Bladder infections and other infections of the urinary tract happen when bacteria enter the urethra (the hole through which urine passes out of the body). The most common microbe behind these infections is E. coli, which is found in abundance in stool. When having anal sex without a condom (an act also known as “bare backing”), a man’s penis and urethra become covered in fecal bacteria (even if the bottom used an enema prior to sex). This places the top partner at significant risk for developing a urinary tract infection.

That information is very necessary, but I refuse to end this on a kind of scary note. The truth is that you can have an excellent time with anal play. Or it could be the exact opposite of your thing, which is OK, too. Either way, if you keep the above information in mind, you’re way more likely to come out of the experience having explored anal sex in a safe, healthy, potentially mind-blowing way.


4. Get a water-based lube. Sexologist Jill McDevitt says to secure a quality water-based lube ahead of time. This will make rubbing and massaging even better. Even if your foreplay doesn’t involve penetration for now, lube makes everything better and can increase sensitivity. A great option is Lelo’s water-based lube—it’s slippery enough that it won’t gunk up on you, and it looks chic AF.
Stimulation from anal sex can additionally be affected by popular perception or portrayals of the activity, such as erotica or pornography. In pornography, anal sex is commonly portrayed as a desirable, painless routine that does not require personal lubricant; this can result in couples performing anal sex without care, and men and women believing that it is unusual for women, as receptive partners, to find discomfort or pain instead of pleasure from the activity.[6][38][39][40] By contrast, each person's sphincter muscles react to penetration differently, the anal sphincters have tissues that are more prone to tearing, and the anus and rectum do not provide lubrication for sexual penetration like the vagina does. Researchers say adequate application of a personal lubricant, relaxation, and communication between sexual partners are crucial to avoid pain or damage to the anus or rectum.[2][13][41] Additionally, ensuring that the anal area is clean and the bowel is empty, for both aesthetics and practicality, may be desired by participants.[21]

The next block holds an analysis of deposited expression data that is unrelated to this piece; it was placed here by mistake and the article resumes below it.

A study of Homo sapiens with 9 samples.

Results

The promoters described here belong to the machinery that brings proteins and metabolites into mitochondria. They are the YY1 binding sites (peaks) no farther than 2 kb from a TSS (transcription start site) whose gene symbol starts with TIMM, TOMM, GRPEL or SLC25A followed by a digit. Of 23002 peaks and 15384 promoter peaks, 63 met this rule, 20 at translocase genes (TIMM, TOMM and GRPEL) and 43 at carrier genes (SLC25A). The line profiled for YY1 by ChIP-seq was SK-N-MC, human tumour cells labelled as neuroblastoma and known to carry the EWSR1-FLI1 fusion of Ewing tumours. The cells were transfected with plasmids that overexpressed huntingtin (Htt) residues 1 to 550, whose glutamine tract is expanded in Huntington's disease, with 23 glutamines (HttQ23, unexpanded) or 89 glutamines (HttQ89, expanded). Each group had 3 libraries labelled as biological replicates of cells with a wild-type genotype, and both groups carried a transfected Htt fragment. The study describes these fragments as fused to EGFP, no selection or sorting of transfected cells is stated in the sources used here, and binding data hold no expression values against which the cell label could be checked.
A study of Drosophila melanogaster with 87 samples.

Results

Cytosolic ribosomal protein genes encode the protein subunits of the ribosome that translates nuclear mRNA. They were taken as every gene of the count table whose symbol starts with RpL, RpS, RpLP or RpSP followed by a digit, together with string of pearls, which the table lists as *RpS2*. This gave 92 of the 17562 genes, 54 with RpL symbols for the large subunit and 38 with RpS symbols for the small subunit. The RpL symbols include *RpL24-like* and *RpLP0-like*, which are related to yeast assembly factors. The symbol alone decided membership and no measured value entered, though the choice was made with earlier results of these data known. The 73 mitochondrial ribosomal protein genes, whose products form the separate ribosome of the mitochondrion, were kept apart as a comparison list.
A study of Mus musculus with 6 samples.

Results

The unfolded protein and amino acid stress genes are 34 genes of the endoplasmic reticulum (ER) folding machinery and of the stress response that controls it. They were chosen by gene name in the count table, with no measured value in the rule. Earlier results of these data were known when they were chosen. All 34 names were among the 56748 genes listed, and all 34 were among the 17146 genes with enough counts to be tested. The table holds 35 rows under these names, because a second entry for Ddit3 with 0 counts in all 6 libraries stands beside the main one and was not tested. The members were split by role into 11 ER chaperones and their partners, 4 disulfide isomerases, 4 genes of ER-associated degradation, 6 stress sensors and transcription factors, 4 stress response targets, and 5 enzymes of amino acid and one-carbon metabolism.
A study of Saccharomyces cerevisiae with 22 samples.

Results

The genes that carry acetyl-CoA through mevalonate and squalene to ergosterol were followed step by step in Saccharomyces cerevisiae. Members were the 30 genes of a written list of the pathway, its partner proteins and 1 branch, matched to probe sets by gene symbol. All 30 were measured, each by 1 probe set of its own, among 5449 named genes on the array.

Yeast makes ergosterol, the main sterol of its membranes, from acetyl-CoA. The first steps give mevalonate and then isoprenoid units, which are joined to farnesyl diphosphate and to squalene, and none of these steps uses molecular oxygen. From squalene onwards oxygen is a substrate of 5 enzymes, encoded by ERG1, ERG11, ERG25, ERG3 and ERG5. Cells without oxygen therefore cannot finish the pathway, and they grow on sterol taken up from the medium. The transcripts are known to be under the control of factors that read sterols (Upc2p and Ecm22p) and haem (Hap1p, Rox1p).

Unprotected receptive anal sex (with an HIV positive partner) is the sex act most likely to result in HIV transmission.[14][15][16] Other infections that can be transmitted by unprotected anal sex are human papillomavirus (HPV) (which can increase risk of anal cancer[75]); typhoid fever;[76] amoebiasis; chlamydia;[15] cryptosporidiosis; E. coli infections; giardiasis; gonorrhea;[15] hepatitis A; hepatitis B; hepatitis C; herpes simplex;[15] Kaposi's sarcoma-associated herpesvirus (HHV-8);[77] lymphogranuloma venereum; Mycoplasma hominis; Mycoplasma genitalium; pubic lice;[15] salmonellosis; shigella; syphilis;[15] tuberculosis; and Ureaplasma urealyticum.[78]
Reduce your risk of cutting or scratching your partner by trimming your nails. Long nails might tear the thin, delicate tissue of the anus, which could lead to bleeding. It also increases the risk of spreading bacteria that could cause infections. Be sure to wash your hands well and scrub under your nails after anal sex, too, especially before inserting them into the vagina or mouth.